May 16, 2014 | National Post
Our Libya Intervention — Failure Disguised as Success
There was some rare good news coming out of Libya this month. Oil exports were set to resume from the Zuetina port after rebels holding it reached an agreement with the government. On another optimistic note, the interim parliament convened to select a new prime minister. (The previous PM resigned after rebels attacked his family.)
But the prime minister vote didn’t go well. Gunmen stormed the parliament, started shooting, and forced lawmakers to abandon their plans.
This is Libya today: Each step forward is followed by two steps back. The central government can’t even execute sovereign functions in its own capitol building.
The RAND Corporation’s Christopher Chivvis argues in his book “Toppling Gaddafi” that two major arguments existed within the Obama administration for intervention in Libya. The first was humanitarian, the concern that Muammar Gaddafi would slaughter his citizens. The second argument related to the Arab Spring, and the idea “that the United States [should be seen to] support the uprisings across the region.”
Rapid as Gaddafi’s fall was, the Libya intervention is widely regarded as a success, as no allied lives were lost, and the economic price was low. But though the mission was superbly executed, the fallout was more problematic than commonly acknowledged.
NATO’s intervention came when there already had been wrenching changes in the region, and the choice to intervene represented a decision to speed up the pace of change. This left a country beset by instability, and has harmed Libya’s neighbors.
Jihadist groups have experienced significant growth since Gaddafi fell. One report on this subject, “Al-Qaeda in Libya: A Profile,” was published in August 2012 by the U.S. Library of Congress’s Federal Research Division. It concludes that “a few hundred al-Qaeda members” operate in Libya, and that ideologically aligned Salafi jihadists have come to control “dozens of mosques and prayer halls.” So many jihadists are flocking to Libya that one contractor working on counterterrorism issues colorfully described the country as “Scumbag Woodstock.”
Jihadists have been taken advantage of training camps in southern Libya, and an unregulated flow of arms. In addition to conventional weapons, sophisticated devices such as surface-to-air missiles are believed to have escaped Gaddafi’s arsenal.
Jihadists are using Libyan territory as a safe haven. This was the case with the January, 2013 hostage crisis at Algeria’s In Amenas gas plant: The attackers reportedly trained in camps in southern Libya and used Libyan arms. More than 800 people were taken hostage, and at least 39 killed.
Libya has a porous border with Egypt, and a UN expert panel has heard evidence indicating the movement of weapons into Egypt’s Sinai Peninsula and the Gaza Strip “included man-portable air defense systems and anti-tank guided missiles.” In January, Sinai-based militants shot down an Egyptian military helicopter with a surface-to-air missile. The UN expert panel and press reporting suggest Libya was the missile’s most likely place of origin.
On Mar. 19, Egyptian forces raided a “workshop” in Arab Sharkas where an Ansar Bayt al-Maqdis cell was making bombs and explosive belts. Five tons of explosives were seized, and sources told the media that Libya was the point of origin for these explosives.
Tunisia is similarly concerned that the security situation in Libya is having an impact inside its borders, as the country clamps down on jihadist group Ansar al-Sharia in Tunisia (AST). Tunisia’s director general of national security said AST members receive training in Libya, and that the group is funded from Libyan sources (amongst others).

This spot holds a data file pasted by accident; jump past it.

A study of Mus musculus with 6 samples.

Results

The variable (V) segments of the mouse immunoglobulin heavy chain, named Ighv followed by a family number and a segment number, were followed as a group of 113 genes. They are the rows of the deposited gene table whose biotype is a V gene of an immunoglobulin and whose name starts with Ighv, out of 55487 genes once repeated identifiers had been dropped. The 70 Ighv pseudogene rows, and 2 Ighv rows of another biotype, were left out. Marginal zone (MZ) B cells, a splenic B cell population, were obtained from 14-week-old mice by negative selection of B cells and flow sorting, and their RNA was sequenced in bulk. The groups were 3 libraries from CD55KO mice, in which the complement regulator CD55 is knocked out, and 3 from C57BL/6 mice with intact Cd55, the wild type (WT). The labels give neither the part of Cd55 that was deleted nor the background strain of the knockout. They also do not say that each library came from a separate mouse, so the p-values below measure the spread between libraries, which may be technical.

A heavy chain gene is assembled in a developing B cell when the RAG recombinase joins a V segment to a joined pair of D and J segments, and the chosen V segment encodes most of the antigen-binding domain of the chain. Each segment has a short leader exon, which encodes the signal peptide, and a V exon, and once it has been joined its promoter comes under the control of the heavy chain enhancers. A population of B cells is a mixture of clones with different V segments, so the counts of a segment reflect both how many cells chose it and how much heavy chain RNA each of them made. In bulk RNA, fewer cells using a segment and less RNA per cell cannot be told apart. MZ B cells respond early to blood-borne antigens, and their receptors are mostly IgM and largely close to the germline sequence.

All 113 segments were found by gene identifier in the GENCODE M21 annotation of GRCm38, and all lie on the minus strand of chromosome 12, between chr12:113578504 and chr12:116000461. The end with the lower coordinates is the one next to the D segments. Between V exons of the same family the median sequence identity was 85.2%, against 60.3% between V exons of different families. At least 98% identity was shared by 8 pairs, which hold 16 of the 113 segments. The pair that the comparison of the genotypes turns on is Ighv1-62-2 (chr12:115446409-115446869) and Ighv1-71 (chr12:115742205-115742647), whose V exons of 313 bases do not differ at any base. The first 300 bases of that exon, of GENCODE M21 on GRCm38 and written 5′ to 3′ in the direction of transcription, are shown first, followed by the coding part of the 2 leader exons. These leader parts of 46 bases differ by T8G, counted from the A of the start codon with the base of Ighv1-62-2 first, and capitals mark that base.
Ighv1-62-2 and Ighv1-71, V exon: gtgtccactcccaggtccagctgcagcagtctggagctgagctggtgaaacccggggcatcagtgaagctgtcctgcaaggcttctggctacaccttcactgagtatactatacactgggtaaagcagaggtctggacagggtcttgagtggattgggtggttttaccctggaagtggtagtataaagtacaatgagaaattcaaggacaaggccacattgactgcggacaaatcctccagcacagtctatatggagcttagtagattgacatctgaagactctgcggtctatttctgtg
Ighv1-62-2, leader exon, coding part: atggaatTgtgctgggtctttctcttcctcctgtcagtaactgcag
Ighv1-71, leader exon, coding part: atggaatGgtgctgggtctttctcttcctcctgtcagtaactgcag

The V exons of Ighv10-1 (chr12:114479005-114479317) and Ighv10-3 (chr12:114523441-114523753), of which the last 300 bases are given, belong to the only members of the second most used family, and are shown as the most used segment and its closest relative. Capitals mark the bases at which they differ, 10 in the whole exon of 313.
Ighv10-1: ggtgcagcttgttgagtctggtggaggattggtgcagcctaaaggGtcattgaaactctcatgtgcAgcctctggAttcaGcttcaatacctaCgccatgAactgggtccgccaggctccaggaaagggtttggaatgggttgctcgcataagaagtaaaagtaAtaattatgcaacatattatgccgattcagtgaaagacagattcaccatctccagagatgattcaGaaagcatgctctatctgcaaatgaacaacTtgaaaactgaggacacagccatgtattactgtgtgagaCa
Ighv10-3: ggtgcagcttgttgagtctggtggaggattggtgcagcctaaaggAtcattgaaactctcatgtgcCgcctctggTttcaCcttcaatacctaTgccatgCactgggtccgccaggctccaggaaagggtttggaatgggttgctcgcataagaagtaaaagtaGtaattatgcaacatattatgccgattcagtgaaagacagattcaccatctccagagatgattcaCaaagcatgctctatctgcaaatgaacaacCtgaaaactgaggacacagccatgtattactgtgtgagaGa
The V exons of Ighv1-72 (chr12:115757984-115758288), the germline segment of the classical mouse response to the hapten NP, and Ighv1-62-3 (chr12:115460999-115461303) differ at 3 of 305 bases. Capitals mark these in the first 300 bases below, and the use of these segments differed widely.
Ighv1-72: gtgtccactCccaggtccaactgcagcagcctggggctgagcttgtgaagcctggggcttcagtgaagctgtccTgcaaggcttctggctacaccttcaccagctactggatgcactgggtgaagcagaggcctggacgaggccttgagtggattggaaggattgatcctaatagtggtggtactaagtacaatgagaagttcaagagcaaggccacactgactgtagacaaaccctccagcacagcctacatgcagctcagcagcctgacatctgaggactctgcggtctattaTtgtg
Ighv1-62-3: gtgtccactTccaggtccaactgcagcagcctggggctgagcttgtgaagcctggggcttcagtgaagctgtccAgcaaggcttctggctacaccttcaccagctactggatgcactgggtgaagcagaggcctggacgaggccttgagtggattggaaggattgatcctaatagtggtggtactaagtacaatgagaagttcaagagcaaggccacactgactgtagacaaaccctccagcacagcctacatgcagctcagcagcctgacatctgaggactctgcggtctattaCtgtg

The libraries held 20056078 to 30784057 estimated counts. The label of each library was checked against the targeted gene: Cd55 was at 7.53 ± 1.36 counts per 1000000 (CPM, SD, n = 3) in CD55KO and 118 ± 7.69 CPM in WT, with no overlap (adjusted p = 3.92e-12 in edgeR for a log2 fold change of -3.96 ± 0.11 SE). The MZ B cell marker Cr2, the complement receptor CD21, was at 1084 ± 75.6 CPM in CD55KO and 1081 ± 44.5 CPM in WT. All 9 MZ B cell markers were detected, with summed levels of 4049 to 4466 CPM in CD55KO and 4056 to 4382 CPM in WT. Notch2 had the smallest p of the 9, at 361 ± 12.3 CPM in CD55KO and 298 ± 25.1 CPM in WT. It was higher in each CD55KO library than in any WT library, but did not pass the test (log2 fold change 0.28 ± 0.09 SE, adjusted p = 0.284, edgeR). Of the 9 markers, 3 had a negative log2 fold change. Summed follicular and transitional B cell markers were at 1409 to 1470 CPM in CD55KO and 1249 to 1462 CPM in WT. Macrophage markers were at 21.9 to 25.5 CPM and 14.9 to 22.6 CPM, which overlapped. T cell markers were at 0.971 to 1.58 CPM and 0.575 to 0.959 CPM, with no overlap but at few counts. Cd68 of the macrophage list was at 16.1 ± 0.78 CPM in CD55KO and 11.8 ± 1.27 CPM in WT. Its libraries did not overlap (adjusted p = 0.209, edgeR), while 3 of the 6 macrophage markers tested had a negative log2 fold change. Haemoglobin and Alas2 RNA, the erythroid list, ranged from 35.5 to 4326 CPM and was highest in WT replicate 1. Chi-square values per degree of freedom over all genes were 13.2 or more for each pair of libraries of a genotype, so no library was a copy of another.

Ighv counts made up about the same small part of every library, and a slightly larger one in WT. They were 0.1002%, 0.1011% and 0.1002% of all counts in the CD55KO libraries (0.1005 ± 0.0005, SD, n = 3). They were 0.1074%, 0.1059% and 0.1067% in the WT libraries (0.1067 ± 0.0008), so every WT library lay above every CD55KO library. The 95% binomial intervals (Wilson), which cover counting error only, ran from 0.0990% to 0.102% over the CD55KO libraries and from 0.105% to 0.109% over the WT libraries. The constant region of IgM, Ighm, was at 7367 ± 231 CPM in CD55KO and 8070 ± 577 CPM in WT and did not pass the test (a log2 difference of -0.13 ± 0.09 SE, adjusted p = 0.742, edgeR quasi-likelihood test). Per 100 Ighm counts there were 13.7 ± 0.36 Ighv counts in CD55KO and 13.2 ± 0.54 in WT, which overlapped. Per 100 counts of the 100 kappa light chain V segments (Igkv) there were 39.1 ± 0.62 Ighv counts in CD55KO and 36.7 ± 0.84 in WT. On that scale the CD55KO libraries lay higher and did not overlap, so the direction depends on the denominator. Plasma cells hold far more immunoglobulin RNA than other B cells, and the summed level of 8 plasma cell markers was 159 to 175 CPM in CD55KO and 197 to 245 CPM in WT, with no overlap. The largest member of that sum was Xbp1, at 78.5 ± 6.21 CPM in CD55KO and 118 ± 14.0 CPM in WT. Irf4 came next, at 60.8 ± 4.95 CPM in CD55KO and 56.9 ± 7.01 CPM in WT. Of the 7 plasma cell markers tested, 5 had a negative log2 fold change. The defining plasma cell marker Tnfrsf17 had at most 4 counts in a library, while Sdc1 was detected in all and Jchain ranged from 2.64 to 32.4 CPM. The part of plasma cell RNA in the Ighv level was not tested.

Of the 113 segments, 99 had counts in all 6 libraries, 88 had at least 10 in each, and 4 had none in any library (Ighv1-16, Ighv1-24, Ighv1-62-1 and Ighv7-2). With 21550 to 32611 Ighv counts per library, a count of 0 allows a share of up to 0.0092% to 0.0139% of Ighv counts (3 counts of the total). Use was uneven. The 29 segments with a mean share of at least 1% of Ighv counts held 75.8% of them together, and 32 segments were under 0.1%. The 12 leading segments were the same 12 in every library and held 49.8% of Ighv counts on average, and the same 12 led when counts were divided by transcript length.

Algerian officials had long been concerned about the impact that NATO’s intervention would have in Libya. Al-Qaeda in the Islamic Maghreb (AQIM) is of particular concern to Algeria, as it considers Algeria one of its highest priority targets. Algerian troops discovered an enormous cache of weapons near the Libya border in October, 2013, allegedly including “100 anti-aircraft missiles and hundreds of anti-helicopter rockets, landmines and rocket-propelled grenades.”
The intervention in Libya also has had an impact on Mali, to Libya’s southwest. A collection of al-Qaeda-linked jihadist groups — including AQIM — and Tuareg separatists gained control over north Mali following the onset of the Arab Uprisings, prompting a French-led intervention in January, 2013.
The Tuareg rebellion in Mali has a long history, but Gaddafi’s overthrow transformed the dynamics. Libya’s dictator had been a supporter of Tuareg separatism, and with him gone, the separatists lost a major patron. Jihadist groups were able to exploit the Tuaregs’ loss of state patronage and forge an alliance rooted in convenience rather than ideology. Further, thousands of Tuareg rebels had gone to Libya to fight as mercenaries on Gaddafi’s side.
In sum, NATO’s intervention appears to have been a strategic mistake. The situation that NATO’s intervention left behind in Libya has cost further lives in Mali, Egypt, Algeria and possibly Tunisia. As to our desire to get on the right side of the Arab Spring, speeding up tumultuous events in the region actually has made it more difficult for Western states to positively influence outcomes. This has been harmful to Western interests; and it has been harmful to local interests, too, from a humanitarian perspective.
It may be difficult to hear that such a well-intentioned intervention seems to have produced more harm than good. However, it is necessary to evaluate the impact of any military action with the clearest of eyes.
Daveed Gartenstein-Ross is a senior fellow at the Foundation for Defense of Democracies and an adjunct assistant professor in Georgetown University’s security studies program.